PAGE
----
Randolph County Wind Farm
It’s often hard to see the mechanisms at work with economic development and major green-energy efforts.
But, that’s certainly not the case in Randolph County.
Gigantic electricity-producing wind turbines stand tall and noticeable for miles around as evidence of one of the largest projects ever in east-central Indiana — Headwaters Wind Farm.
It’s an environmental and economic boon for the area. Electricity is being produced without carbon emissions.
Corporate owner EDP Renewables North America of Houston, Texas, is spending up to $400 million to erect the 100 units. The wind farm will require 20 full-time employees to run and maintain the units that are expected to be built by the end of 2014.
Farm owners by the dozens are receiving rental payments for harvesting the wind on their lands. “It has benefited a lot of farmers,” said Kaylene Straley, who hasn’t seen anything like in her 32 years as clerk-treasurer for Lynn, a town of just more than 1,000 residents. “It’s going to benefit the county, the small towns.”
Randolph County will be paid $10 million by Headwaters for economic development over the next 10 years. After that, Headwaters will start paying property taxes.
The units have sprung up steadily since last spring, mainly in fields west of U.S. 27, north of Indiana 36 and east of Indiana 35. They stretch west from Lynn to Modoc and north toward Farmland and Winchester.
The towers and blades together reach more than 400 into the air. Straley said the wind farm certainly has its detractors. “A lot of people think it has ruined the skyline here, the landscaping,” she said.
Unit parts were shipped by railroad to Connersville and then trucked for 30 to 40 miles to the building sites. About 30 miles of gravel roads were constructed through farmland to reach the turbines. That raised a lot of dust and blocked a lot of roads since last spring.
No matter what, major changes often are tough to swallow. In fact, some farmers would rather not talk about where they stand. “A lot of people didn’t like the looks of telephone poles and light poles when they first came in,” Straley said.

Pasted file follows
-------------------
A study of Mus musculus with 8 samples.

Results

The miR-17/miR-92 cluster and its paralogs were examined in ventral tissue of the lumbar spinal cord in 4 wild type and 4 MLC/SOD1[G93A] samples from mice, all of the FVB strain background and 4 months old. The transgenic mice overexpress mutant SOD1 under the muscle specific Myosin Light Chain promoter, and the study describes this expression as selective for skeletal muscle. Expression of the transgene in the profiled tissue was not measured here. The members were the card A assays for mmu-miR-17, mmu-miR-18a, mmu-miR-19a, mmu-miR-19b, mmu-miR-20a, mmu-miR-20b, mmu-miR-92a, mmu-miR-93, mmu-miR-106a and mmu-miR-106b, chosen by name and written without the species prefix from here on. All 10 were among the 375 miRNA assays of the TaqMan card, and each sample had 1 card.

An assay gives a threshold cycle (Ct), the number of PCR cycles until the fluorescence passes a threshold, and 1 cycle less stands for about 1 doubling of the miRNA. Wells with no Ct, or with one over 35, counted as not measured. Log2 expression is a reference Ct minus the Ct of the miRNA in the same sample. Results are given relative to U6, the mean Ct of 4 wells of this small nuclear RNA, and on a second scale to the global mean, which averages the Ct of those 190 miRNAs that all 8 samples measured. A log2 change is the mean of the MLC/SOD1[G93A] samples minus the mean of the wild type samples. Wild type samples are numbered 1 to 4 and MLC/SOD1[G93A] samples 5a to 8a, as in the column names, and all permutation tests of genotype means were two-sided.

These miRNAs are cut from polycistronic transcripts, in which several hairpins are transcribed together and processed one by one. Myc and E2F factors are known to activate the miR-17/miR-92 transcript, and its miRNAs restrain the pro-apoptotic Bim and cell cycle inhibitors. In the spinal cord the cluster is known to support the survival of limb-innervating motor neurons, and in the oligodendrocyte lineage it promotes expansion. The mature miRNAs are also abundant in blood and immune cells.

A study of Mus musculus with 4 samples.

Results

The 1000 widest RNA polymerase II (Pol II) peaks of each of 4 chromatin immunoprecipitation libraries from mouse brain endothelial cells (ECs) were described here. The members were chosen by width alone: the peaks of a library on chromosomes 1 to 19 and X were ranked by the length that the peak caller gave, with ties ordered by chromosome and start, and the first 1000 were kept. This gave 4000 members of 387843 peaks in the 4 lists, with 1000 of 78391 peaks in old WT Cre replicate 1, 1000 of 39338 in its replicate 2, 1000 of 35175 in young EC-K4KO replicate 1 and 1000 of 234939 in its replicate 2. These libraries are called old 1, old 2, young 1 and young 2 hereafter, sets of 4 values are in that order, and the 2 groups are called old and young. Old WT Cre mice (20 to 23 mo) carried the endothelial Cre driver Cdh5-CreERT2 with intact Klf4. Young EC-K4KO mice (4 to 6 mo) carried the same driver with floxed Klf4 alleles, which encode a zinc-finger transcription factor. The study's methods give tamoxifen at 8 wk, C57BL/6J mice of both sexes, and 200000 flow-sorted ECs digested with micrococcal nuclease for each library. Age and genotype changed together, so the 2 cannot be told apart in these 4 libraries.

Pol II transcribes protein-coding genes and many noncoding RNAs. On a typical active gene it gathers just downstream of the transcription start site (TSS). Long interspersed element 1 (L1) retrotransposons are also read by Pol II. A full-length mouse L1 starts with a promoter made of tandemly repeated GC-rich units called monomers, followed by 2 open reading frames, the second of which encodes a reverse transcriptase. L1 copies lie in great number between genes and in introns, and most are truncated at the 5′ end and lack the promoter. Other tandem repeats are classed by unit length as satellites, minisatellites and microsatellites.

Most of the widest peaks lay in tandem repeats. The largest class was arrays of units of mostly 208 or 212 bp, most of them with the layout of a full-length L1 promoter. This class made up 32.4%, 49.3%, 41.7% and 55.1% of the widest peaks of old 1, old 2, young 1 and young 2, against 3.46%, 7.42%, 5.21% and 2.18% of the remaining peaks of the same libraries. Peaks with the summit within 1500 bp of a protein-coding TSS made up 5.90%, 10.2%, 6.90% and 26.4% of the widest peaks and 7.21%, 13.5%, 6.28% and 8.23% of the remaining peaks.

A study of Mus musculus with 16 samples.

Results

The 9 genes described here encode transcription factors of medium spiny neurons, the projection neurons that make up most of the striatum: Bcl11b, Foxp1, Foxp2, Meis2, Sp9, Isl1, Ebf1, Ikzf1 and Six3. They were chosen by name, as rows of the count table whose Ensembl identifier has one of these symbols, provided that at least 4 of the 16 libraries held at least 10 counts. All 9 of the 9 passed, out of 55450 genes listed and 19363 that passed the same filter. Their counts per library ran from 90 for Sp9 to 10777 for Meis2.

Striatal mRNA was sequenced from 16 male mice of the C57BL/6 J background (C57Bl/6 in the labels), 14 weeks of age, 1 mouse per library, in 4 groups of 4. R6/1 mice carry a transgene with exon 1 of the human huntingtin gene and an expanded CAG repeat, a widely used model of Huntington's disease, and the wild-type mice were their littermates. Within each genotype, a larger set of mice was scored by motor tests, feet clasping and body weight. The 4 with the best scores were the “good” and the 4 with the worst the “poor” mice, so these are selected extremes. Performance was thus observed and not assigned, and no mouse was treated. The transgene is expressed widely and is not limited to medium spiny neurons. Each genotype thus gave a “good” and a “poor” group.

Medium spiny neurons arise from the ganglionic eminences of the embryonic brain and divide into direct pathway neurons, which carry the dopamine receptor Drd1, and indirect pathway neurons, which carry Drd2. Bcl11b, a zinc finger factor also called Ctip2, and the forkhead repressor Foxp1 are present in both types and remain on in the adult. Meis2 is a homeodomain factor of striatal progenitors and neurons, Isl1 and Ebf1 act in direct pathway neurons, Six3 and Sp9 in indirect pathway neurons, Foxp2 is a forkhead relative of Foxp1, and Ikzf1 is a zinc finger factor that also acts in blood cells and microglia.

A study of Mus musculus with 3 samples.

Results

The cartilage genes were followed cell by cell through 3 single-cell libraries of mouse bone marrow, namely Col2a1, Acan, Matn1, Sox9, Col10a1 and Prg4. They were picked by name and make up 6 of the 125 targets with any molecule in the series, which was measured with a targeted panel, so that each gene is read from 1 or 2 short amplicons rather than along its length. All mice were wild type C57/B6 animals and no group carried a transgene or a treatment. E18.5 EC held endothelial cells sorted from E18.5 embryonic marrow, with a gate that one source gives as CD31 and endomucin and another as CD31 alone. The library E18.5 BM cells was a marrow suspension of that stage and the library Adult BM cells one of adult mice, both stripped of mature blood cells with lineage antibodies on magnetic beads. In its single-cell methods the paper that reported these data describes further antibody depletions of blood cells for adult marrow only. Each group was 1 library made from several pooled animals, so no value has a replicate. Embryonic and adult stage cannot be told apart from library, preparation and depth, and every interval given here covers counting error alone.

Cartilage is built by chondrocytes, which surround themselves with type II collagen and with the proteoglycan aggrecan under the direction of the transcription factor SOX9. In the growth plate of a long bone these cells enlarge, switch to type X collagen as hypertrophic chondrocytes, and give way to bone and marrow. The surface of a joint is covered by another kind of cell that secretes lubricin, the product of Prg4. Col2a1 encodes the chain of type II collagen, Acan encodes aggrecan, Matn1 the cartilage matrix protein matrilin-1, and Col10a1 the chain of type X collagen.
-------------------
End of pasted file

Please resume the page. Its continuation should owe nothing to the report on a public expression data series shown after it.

The wind farm is expected to produce enough electricity to power 55,000 homes each year.
The necessary wind is seldom in short supply on the flat farmlands of Randolph County.
The energy will be sold to Indiana Michigan Power, which serves Indiana cities such as Muncie, Fort Wayne and South Bend. I&M President Paul Chodak III told media after the project was announced: “Our agreement with EDPR is an important step in our continuing efforts to diversify our generation portfolio, which includes wind, hydro, nuclear and coal.”
Wind energy has grown across the nation in recent years as battles have raged over the use of coal-using power plants, the most common in Indiana. It is a green alternative that can help reduce the reliance on coal. The emissions from the burning process are pollutants that most scientists and medical experts believe contribute mightily to health problems and global warming.
Right now, wind farms produce just over 3 percent of Indiana’s electricity.
Expect that number to grow. Eight new wind farms are reportedly in the planning stages around the state, including others in east-central Indiana.
Straley isn’t surprised: “Rumor has it that they will be building more on the east side of (U.S.) 27,” she said.